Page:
In this second article in the series, Max du Bois talks about the power of sourcing brand ambassadors, and the ineffectiveness of constantly playing catch up and trying to influence reputation on every social platform
In last month’s article we established that the current maturity of universities’ digital brands shows a remarkable opportunity for forward thinkers and an established order waiting to be upset. As with so many other markets, those who master the ability to connect will reap benefits and those Luddites that don’t will slip into irrelevance.
Universities now need to embrace a more nuanced, rich way of understanding what engagement looks like today. Whether they like it or not they are being re-shaped, and if they continue using traditional means of marketing themselves they risk becoming faceless.
Prospective students no longer accept the ‘polished’ version of what a university can offer neither do they want a cookie cutter response to their questions. Which is why the real experience of a university is already being created via tweets, Facebook updates and forums.
Yet social media and smart devices have become a boon and blight for marketers in that there’s never been more ways to reach audiences, but, with the floodgates open and content awash, grabbing attention, and subsequently that all-important ‘engagement,’ seems elusive.
The goal therefore is for universities to get their stakeholders to the level of wanting to remix what they are talking about. Cultivating this kind of engagement is achieved without being intrusive or opportunistic and it hinges on turning students into co-collaborators, supporters, and eventually fans.
Universities need to delve deep into their hearts and define the spark that will make them special to this increasingly savvy and critical audience. This unique spark is something I have encountered with every university I have worked with, from the University of the West of Scotland, the University of Hull, to Imperial College and their business school.
Every university has it, and communicating it means shifting away from the usual generic, paper thin platitudes that currently pervades. In a world where league tables often act as judge, jury and executioner, this is precisely where the transformation will come from; showcasing unique facets that stakeholders themselves have defined.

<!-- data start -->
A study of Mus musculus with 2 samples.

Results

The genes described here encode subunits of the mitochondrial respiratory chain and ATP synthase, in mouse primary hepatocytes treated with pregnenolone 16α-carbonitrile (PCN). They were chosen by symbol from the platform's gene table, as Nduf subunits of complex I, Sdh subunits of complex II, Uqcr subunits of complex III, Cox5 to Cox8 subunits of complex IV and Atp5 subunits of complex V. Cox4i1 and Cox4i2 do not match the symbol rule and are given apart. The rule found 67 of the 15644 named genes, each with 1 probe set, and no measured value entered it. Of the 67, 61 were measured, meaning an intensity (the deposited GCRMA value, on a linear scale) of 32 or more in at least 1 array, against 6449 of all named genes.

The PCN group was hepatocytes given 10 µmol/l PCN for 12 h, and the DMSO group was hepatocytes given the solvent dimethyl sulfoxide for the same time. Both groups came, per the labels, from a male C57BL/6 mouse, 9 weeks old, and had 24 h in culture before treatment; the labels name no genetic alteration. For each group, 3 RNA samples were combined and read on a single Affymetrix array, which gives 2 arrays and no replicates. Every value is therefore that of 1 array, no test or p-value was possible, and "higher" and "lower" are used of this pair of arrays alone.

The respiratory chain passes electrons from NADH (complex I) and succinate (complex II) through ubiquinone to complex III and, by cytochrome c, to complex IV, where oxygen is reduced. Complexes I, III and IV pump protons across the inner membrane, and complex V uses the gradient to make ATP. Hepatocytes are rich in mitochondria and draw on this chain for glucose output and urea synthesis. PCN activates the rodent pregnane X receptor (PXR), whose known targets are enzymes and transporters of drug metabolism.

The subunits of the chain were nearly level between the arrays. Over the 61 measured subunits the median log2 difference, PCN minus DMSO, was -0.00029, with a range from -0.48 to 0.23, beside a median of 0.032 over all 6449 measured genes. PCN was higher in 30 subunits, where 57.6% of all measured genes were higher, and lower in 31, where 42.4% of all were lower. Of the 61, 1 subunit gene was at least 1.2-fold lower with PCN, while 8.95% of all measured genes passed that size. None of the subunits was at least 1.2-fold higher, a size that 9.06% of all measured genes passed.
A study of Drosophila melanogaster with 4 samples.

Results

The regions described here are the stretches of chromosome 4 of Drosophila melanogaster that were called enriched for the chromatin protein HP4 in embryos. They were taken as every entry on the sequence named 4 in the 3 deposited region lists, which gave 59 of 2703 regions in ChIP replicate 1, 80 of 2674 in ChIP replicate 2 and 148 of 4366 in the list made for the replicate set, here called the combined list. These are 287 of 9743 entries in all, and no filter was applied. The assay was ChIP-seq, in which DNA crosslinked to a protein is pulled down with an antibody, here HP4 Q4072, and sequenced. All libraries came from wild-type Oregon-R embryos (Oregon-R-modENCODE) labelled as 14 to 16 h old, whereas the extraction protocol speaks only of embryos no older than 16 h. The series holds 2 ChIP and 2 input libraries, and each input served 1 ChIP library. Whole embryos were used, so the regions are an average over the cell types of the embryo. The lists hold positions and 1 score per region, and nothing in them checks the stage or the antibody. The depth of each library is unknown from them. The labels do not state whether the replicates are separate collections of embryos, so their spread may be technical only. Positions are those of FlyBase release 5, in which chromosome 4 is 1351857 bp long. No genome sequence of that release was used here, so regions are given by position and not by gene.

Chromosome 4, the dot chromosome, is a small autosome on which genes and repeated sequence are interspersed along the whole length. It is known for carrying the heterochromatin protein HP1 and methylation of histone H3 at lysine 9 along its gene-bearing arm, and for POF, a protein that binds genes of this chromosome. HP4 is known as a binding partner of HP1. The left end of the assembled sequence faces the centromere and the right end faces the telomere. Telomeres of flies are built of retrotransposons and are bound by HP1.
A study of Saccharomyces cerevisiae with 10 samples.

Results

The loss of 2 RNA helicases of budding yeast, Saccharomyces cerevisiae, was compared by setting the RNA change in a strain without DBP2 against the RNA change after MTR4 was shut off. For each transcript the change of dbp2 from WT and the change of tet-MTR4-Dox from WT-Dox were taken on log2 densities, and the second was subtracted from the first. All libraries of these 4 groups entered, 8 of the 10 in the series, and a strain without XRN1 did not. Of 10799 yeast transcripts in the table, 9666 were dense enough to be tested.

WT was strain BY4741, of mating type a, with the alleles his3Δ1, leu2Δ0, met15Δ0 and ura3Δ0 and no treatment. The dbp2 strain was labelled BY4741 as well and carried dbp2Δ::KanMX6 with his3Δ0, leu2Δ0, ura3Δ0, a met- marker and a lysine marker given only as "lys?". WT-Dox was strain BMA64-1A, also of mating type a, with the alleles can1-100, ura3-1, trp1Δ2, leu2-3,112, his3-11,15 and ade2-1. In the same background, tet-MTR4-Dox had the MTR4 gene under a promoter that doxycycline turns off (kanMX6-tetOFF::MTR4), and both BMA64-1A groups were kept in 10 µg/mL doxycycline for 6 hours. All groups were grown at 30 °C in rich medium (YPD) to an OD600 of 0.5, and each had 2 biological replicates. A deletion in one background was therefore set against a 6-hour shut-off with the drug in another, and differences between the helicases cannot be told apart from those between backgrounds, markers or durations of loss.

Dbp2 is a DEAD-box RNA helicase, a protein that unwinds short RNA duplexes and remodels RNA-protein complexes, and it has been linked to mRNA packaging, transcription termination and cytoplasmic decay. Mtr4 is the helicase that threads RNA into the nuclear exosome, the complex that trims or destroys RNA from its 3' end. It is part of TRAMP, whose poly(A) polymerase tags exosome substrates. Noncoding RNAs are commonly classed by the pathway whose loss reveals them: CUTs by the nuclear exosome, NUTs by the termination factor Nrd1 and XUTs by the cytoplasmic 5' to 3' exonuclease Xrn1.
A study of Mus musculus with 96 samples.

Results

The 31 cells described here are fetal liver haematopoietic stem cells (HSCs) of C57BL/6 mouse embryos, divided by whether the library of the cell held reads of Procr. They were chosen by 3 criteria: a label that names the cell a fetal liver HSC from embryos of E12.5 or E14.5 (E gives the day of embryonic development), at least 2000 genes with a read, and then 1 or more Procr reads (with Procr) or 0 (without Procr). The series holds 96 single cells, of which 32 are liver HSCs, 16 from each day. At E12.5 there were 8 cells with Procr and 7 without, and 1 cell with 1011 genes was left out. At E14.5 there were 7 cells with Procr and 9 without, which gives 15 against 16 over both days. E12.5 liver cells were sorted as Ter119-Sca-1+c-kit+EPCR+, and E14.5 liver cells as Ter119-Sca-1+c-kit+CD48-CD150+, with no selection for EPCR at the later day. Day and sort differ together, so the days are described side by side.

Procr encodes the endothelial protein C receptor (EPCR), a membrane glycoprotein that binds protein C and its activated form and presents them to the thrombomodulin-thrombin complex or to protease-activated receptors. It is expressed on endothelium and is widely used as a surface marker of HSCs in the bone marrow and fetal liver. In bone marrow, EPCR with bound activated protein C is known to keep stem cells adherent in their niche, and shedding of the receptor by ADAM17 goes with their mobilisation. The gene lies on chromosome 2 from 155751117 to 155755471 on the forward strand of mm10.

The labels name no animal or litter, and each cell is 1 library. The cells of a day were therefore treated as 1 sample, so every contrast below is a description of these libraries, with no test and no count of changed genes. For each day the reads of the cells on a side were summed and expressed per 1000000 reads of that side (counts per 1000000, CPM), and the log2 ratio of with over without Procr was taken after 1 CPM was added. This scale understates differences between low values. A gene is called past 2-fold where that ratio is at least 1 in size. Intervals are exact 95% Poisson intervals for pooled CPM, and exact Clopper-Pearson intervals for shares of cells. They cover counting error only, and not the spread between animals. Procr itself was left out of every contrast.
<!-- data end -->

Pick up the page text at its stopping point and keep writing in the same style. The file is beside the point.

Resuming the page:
Without doubt evolving a university’s digital maturity with a vision to lead, inspire and nurture is going to be challenging. Key to its success is to create an agile structure that is able to deal with change as a constant.
The thriving university of the future will always retain its own unique approach to education but it should allow itself to be moulded by its audiences and responsive to societies needs
For a higher education organisation to thrive in an environment of change, spun ever faster by technology, what are the behaviours they should address to make best use of technology?A change in attitude to assets and knowledge is a first step. The thriving university of the future will always retain its own unique approach to education but it should allow itself to be moulded by its audiences and responsive to societies needs. As terrifying as it may sound, relinquishing control is part of the necessary change in behaviour that a university needs to accept before being able to become a transformational organisation.
To evolve the digital maturity of a university means shifting away from siloed executions focused on a particular platform and getting involved, gathering insight and co-creating a living breathing brand that is relevant to the very people who will be using it because it was created by them.
In our experience, the focus needs to be on sharing rather than selling, joining the conversation rather than taking over the microphone. It is no longer about the individual, it is about the group as a whole and it is as far away from good old fashioned persuasion as a marketing team can get.
This shift to universities generously handing over the reins focuses on using digital to converse rather than broadcast and it should involve the academics, whose research and teaching shapes our bright young things and combine this with the students themselves who are at the cutting edge of crafting their own future. When this occurs co-creation will effectively tap into student’s core drivers and emotions and get to the very essence of what the university means to them.
Finally, we are not advocating replacing the learned staff with crowdsourced, socially influential bloggers. In fact “being digital” needn’t change “how” teaching is delivered and inspires the world’s future scientists, engineers, biologists, creatives and mathematicians, instead it means openly celebrating what education is achieving and empowering all voices to share this authentic experience.